Relocation orders during a pandemic: A legal perspective
Since 2020, for separated families and co-parents, a new level of co-parenting questions have arisen.
Applications seeking relocation orders for a child to relocate with the parent in the absence of the other parent are complex cases.
Applications for the relocation of the child can be even more challenging due to the Covid 19 pandemic.
What are relocation orders?
A relocation order is a decision and order that the Court makes which allows or prevents a child and parent from moving away from the other parent, whether to another town, city, state or country.
The Court always makes decisions about relocation orders with the best interests of the child in mind.
Relocation orders and legal considerations
In the matter of Denham & Newsham  FamCAFS 141 (6 August 2021), the Court of Appeal ordered the rehearing of the case. The Court had ordered that the mother may relocate the child from Australia to Belgium, commencing in 2023.
In the Court of Appeal’s decision, amongst other considerations, was that since the original trial, practical considerations had arisen. These included the ability of the father to spend time with his child at times contemplated in the orders, in light of travel restrictions due to the Covid pandemic.
These practical considerations included:
- border restrictions;
- the need for permissions for the father and child to travel;
- quarantine requirements;
- and the limited flight services for the father’s and child’s travel in spending time with each other.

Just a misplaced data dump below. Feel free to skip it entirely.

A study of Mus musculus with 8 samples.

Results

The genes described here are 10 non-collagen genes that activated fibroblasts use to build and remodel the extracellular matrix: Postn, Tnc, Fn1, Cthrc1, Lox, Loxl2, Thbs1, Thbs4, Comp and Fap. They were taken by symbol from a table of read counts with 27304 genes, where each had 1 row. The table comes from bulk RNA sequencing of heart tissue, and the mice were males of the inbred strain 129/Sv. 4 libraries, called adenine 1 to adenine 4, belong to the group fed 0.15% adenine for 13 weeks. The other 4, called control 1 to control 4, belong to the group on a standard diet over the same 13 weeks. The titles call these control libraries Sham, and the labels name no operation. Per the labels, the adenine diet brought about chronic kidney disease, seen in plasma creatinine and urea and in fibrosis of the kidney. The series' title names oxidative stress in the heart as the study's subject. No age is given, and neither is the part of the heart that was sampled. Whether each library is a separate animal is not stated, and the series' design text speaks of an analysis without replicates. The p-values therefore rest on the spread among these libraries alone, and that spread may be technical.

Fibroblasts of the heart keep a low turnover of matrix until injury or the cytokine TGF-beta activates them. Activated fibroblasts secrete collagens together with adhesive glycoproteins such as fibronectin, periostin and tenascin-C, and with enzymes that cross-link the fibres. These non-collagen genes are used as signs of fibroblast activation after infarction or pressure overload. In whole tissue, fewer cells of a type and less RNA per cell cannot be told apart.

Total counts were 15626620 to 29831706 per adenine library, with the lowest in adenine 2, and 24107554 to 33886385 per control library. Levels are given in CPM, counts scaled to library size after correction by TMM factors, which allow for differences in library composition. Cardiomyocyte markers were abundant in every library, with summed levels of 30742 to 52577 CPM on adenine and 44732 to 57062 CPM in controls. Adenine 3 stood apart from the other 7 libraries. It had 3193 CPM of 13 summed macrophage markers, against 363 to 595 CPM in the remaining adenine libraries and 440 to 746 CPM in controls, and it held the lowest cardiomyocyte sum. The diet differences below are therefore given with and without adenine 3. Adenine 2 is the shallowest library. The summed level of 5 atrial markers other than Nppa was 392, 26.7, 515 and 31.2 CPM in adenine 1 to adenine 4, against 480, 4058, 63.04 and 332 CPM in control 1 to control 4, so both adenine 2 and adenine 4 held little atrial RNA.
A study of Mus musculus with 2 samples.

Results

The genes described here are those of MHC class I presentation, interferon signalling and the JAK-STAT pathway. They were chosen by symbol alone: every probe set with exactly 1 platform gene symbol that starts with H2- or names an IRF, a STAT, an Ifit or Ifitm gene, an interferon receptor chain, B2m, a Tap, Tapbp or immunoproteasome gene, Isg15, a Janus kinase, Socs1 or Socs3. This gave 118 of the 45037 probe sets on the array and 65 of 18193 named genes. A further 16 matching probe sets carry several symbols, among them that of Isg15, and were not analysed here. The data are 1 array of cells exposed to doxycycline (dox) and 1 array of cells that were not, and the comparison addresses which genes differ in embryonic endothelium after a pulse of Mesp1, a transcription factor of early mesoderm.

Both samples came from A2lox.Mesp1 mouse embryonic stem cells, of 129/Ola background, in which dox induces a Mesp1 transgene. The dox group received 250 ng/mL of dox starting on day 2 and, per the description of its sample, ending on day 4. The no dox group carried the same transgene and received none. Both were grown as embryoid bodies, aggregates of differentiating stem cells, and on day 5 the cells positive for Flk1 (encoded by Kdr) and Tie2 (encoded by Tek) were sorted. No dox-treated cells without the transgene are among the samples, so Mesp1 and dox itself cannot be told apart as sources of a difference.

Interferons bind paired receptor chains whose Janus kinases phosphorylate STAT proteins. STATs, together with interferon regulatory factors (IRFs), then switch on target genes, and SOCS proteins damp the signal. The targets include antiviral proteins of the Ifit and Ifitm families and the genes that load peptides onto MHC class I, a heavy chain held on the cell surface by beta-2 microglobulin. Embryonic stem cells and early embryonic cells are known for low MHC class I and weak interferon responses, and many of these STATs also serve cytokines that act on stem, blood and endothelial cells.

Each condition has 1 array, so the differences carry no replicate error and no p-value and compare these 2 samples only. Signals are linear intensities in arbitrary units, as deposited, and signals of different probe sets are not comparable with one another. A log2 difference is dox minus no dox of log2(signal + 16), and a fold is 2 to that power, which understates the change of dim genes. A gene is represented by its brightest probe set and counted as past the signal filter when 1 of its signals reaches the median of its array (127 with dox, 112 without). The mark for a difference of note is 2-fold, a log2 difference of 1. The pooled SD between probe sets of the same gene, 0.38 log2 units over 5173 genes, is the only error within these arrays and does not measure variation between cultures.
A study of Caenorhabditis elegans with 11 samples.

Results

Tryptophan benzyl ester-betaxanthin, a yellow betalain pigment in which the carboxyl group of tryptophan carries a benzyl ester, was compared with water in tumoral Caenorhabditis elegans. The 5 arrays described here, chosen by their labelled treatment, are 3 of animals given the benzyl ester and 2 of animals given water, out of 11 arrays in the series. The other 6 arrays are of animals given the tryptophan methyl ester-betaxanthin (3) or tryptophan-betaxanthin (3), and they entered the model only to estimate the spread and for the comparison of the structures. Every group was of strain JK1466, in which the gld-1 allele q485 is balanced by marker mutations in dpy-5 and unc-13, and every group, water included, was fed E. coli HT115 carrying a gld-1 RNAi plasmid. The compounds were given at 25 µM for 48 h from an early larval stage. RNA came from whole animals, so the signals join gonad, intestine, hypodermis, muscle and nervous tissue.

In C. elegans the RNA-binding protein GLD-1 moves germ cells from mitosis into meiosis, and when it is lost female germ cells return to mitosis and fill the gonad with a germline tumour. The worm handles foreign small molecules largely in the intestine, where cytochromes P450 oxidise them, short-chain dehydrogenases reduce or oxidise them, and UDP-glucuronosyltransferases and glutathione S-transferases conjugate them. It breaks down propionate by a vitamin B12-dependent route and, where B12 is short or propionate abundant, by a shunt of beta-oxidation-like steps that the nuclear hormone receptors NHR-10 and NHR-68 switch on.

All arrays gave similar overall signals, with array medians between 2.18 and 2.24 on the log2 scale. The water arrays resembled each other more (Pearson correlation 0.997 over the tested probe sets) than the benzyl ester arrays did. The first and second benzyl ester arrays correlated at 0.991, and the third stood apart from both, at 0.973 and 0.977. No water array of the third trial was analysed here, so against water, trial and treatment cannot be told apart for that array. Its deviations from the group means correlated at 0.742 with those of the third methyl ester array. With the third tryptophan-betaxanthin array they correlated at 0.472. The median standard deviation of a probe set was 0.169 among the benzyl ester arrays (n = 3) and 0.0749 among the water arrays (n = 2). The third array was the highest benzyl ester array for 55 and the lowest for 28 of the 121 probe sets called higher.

In addition, the Court considered financial considerations, including the costs of quarantine.
Whilst this case is considered international travel, parents in Australia seeking to relocate a child will feel its implications.
Related reading: How to co-parent during a pandemic
Relocating a child in Australia
As we have seen in Australia during lockdowns:
- states and territories have imposed border restrictions;
- persons intending to enter states and territories are subject to permission to do so;
- flights are more limited; and
- there are quarantine requirements.
The judgment of the case above includes the statement that the “documents issued by both countries demonstrate, the situation is fluid, and the conditions are subject to change”.
As we have seen with clients whose children live interstate, the decisions made to permit the relocation did not contemplate a pandemic, and for those families, the left-behind parent and child have not been able to enjoy physical time together.
Related reading: Parental separation and schooling
For those matters where a parent is seeking to relocate within Australia, consideration might be had about the matters raised in this decision, given they are not factors unique to international relocation.
We’ve all experienced the fluidity in moving in and out of lockdowns. Subsequently, it will be interesting to see what types of orders could be made that contemplate the impact of future restrictions and facilitating time and communication between relocated children and their parents, should an order be made for a parent to relocate a child.